What the F***?!?!?!?!

So, apparently the U.S. government is covering up the sale of illegal arms by China to Afghanistan. Sort of. But not really. The arms were purchased for Afghan security forces - the "side" that is backed by the U.S. government. What's the deal here? The United States "brought democracy" to Afghanistan, brought down the Taliban, and instituted a new government, but could not supply arms to the defense forces? Did the U.S. create an Afghan army that they could not supply? Well... apparently a Miami-based company was awarded a $298 million contract to supply arms to the new Afghan security forces. They supplied them alright - by purchasing them illegally from China - likely at a discounted rate, as you may be able to deem from the quotes below. In the end, the story turns into yet another example of how U.S. firms are bilking the U.S. government (of tax-payer monies) through the privatization of the "War on Terror."

What is there really left to say here????

Here are some excerpts from the NYtimes article by Dan Bilefsky:
An American ambassador helped cover up the illegal Chinese origins of ammunition that a Pentagon contractor bought to supply Afghan security forces, according to testimony gathered by Congressional investigators. A military attaché has told the investigators that the United States ambassador to Albania endorsed a plan by the Albanian defense minister to hide several boxes of Chinese ammunition from a visiting reporter. The ammunition was being repackaged to disguise its origins and shipped from Albania to Afghanistan by a Miami Beach arms-dealing company.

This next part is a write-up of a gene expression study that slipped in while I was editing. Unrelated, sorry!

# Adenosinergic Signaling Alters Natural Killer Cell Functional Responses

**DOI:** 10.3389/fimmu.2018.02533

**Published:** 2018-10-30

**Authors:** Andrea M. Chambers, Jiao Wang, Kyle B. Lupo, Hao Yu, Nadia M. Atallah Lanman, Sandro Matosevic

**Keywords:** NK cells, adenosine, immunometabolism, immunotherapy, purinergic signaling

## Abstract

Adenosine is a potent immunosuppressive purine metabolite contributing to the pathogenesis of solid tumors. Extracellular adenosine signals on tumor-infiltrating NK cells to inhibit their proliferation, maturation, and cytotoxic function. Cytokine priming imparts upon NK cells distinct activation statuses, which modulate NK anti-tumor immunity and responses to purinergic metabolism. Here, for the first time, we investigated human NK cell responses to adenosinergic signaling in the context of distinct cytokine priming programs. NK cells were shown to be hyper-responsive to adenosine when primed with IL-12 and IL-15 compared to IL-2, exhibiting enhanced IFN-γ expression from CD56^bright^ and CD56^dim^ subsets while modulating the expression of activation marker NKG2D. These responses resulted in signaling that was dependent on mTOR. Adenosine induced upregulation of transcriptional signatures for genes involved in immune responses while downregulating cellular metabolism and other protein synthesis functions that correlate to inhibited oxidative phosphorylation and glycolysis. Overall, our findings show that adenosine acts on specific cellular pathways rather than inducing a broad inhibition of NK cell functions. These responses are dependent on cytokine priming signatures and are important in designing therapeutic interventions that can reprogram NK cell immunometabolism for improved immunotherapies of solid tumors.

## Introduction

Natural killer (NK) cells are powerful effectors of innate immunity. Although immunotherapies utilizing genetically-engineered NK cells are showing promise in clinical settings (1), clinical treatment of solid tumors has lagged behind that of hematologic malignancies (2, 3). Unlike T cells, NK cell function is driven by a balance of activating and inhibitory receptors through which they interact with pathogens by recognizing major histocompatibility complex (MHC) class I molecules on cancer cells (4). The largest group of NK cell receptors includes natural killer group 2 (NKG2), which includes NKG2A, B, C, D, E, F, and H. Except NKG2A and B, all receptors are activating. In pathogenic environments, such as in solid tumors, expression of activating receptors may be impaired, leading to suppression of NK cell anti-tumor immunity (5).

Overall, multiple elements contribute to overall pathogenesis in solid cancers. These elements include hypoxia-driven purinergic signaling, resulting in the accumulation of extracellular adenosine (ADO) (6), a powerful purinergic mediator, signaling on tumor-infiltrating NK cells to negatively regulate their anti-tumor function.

On March 27, The New York Times published an article that said Albanian documents showed that the Miami company [AEY Inc.] had bought more than 100 million Chinese cartridges that were stored for decades in former cold war stockpiles. Mr. Diveroli arranged to have them repacked in cardboard boxes, many of which split or decomposed after shipment to the war zones, according to the article. Different lots or types of ammunition were mixed. In some cases the ammunition was dirty, corroded or covered with a film.

In January 2007, the Army awarded the company a contract, potentially worth $298 million, that made it the main munitions supplier for Afghan security forces in the fight against Al Qaeda and the Taliban.